Saturday, 18 February 2012

Tales of kidding

When I went to feed the youngsters yesterday morning, I got to thinking about how much they have grown and how, very soon, they won't be the 'babies' any more!  Watching them tucking into their food and run about, I was reminded of when they were small and how we struggled to keep some of them alive and healthy.

Look at them now!  Watching me climb over the gate with their breakfast:

As with all kidding seasons, we did have a few traumas last year, but most turned out well in the end.  Here's a couple of stories for you:

This is Stevie now.  First time mum Cerys had a really difficult kidding with Stevie's twin being born dead.  Little Stevie was very small and frail when she was born and Cerys really struggled to look after her.  Mum and baby both needed a lot of love and attention.  You can see just how tiny she was from this photo:

Once little tiny Stevie was up and about, we quickly noticed that there seemed to be something wrong with her eyes.  Closer inspection showed white cataract-like films over both eyes and we assumed that she had been born blind.  No wonder she was struggling! 

When David took her for disbudding at a few days old, our vet checked her out and said that it looked like her eyelids were growing inwards - they were scratching the eyes and this was what had made them 'blind'.  Quite common in sheep apparently, but not so usual in goats.  Solution - inject the eyelids with a type of botox to plump them up and bring them away from the eye.  If this didn't work, there was something else that he could try.  But he was hopeful.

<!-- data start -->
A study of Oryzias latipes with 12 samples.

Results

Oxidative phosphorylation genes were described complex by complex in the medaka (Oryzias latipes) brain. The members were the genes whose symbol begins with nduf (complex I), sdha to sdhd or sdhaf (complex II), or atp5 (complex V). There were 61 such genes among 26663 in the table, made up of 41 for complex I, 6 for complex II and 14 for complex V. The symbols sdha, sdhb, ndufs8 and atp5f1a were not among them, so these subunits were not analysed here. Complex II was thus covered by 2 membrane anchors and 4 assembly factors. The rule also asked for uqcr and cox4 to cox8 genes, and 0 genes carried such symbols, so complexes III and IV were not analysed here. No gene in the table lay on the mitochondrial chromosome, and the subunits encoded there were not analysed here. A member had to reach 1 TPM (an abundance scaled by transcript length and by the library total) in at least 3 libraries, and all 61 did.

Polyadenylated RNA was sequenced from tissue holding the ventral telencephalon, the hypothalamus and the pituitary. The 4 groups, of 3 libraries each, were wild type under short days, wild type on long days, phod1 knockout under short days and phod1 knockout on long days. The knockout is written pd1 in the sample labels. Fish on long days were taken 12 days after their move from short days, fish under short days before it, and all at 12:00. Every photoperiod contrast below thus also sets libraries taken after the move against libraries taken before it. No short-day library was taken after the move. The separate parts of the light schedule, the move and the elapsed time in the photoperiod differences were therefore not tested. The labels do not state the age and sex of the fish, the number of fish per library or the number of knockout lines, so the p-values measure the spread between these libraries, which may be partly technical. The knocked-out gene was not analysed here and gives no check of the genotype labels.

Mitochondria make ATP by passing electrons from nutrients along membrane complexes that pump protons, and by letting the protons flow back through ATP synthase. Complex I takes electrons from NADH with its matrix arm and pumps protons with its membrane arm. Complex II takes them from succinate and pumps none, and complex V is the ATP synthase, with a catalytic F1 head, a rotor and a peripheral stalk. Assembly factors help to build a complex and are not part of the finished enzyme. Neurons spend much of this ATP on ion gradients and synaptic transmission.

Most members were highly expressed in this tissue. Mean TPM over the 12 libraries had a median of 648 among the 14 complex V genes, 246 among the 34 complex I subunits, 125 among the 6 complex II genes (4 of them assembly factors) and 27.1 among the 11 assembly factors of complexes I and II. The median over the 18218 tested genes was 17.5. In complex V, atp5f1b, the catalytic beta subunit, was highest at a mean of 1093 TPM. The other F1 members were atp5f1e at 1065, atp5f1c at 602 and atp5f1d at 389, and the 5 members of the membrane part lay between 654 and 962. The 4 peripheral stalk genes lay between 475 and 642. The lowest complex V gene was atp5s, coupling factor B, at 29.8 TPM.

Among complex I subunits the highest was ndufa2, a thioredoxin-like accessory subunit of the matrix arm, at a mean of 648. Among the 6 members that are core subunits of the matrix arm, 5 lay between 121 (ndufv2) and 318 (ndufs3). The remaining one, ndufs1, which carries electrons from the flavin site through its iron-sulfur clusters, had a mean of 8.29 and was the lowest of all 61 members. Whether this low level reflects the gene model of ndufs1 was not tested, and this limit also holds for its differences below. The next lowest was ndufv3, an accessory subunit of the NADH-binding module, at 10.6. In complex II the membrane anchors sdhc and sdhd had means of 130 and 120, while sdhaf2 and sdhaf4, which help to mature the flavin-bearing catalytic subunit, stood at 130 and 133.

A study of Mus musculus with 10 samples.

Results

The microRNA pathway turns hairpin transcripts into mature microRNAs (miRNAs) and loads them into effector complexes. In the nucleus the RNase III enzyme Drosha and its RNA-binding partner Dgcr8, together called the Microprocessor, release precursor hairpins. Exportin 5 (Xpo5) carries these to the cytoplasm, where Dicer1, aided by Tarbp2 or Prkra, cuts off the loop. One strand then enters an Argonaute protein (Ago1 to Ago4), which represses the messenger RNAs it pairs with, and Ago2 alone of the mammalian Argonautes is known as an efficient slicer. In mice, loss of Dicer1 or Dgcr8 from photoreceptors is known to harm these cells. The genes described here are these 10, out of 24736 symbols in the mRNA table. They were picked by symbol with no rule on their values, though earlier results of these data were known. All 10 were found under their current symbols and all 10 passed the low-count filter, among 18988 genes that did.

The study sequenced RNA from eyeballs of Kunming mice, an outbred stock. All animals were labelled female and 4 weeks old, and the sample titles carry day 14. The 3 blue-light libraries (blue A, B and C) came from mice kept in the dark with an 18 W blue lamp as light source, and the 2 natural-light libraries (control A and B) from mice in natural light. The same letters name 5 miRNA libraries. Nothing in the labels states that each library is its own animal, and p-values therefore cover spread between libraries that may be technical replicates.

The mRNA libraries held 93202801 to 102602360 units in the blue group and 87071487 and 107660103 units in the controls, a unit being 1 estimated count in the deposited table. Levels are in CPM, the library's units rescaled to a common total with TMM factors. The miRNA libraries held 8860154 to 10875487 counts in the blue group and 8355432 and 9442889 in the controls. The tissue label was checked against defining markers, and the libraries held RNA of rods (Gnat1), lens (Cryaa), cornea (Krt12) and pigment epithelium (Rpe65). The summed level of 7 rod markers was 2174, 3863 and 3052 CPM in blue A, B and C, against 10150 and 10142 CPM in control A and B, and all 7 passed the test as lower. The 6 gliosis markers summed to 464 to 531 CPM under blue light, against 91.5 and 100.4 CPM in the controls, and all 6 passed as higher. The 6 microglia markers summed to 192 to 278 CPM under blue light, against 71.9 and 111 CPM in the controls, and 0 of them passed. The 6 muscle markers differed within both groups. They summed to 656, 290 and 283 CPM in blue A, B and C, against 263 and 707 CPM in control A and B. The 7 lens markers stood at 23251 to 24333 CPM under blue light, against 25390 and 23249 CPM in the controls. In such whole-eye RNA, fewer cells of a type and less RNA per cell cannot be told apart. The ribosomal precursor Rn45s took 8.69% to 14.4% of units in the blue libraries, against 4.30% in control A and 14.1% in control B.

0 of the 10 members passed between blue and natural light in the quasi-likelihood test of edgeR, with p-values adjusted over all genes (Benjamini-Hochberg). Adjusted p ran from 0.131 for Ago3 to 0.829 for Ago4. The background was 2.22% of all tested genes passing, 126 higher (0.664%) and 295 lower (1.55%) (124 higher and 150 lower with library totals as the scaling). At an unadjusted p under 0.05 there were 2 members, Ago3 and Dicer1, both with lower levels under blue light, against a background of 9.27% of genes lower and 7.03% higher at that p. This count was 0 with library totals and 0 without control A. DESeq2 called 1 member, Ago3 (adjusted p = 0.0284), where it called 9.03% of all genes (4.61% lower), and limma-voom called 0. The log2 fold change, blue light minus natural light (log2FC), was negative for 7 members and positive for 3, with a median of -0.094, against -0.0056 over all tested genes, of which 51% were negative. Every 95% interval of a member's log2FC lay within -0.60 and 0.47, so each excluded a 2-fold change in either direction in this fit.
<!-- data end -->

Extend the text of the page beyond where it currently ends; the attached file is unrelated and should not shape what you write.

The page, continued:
And, indeed, after a few days, her eyes slowly started to improve and she came along in leaps and bounds.  She has grown into a cheeky little person and now has no problem at all with her sight.

And then there was Tattie.  She was one of twins born to Tinky goat.  Remember Tinky?  The little naughty brown goat who turns round in the parlour?

Well, she had twins on the same day as her sister Winky also had her twins.  As they always spent time together, we put both mums and all the babies into the same pen.  For some reason, Tinky did not like Tattie at all and refused to feed her.  She would happily feed Tattie's little brother but when Tattie tried to feed, she would bite her until she ran away.  That's how she got her name - she had bits of hair pulled out and nibbled and looked really tatty!

Fortunately, Winky was a bit of an Earth Mother and was quite happy to feed all the babies.  We had to get Tattie away from her mum and put her over to Auntie Winky for her meals.  Good old Auntie Winky!

And here is Tattie now ... beautiful and well grown.  She shows no sign of being traumatised by her experience with Tinky!

And, finally for today - Faye and Teasel.  Otherwise known as the 'Cilla goats'.  They were born to young Cilla and although they were well looked after by mum, they didn't seem to thrive.  They needed a lot of attention and remained on extra milk feeds for much longer than other kids the same age. 

Before we had decided on proper names for them, Francesca and I used to call them 'the Cilla-goats'.  When you needed them to come out of their pen for feeding, you just called 'Cilla goat! Cilla goat!' and both of them would come running to the gate.

Seems that all our hard work paid off - here they are now:


  1. How on earth are you going to think of names for all the 140+ new arrivals?

  2. Assuming that half of them are little chaps ... all little meat boys are called 'Horace'. So that's about 70 of them sorted! Would make it even more difficult to part with them if they all had names, although some of them do tend to get nicknames. As for the girls .. plenty more cartoons and Harry Potter characters left yet!!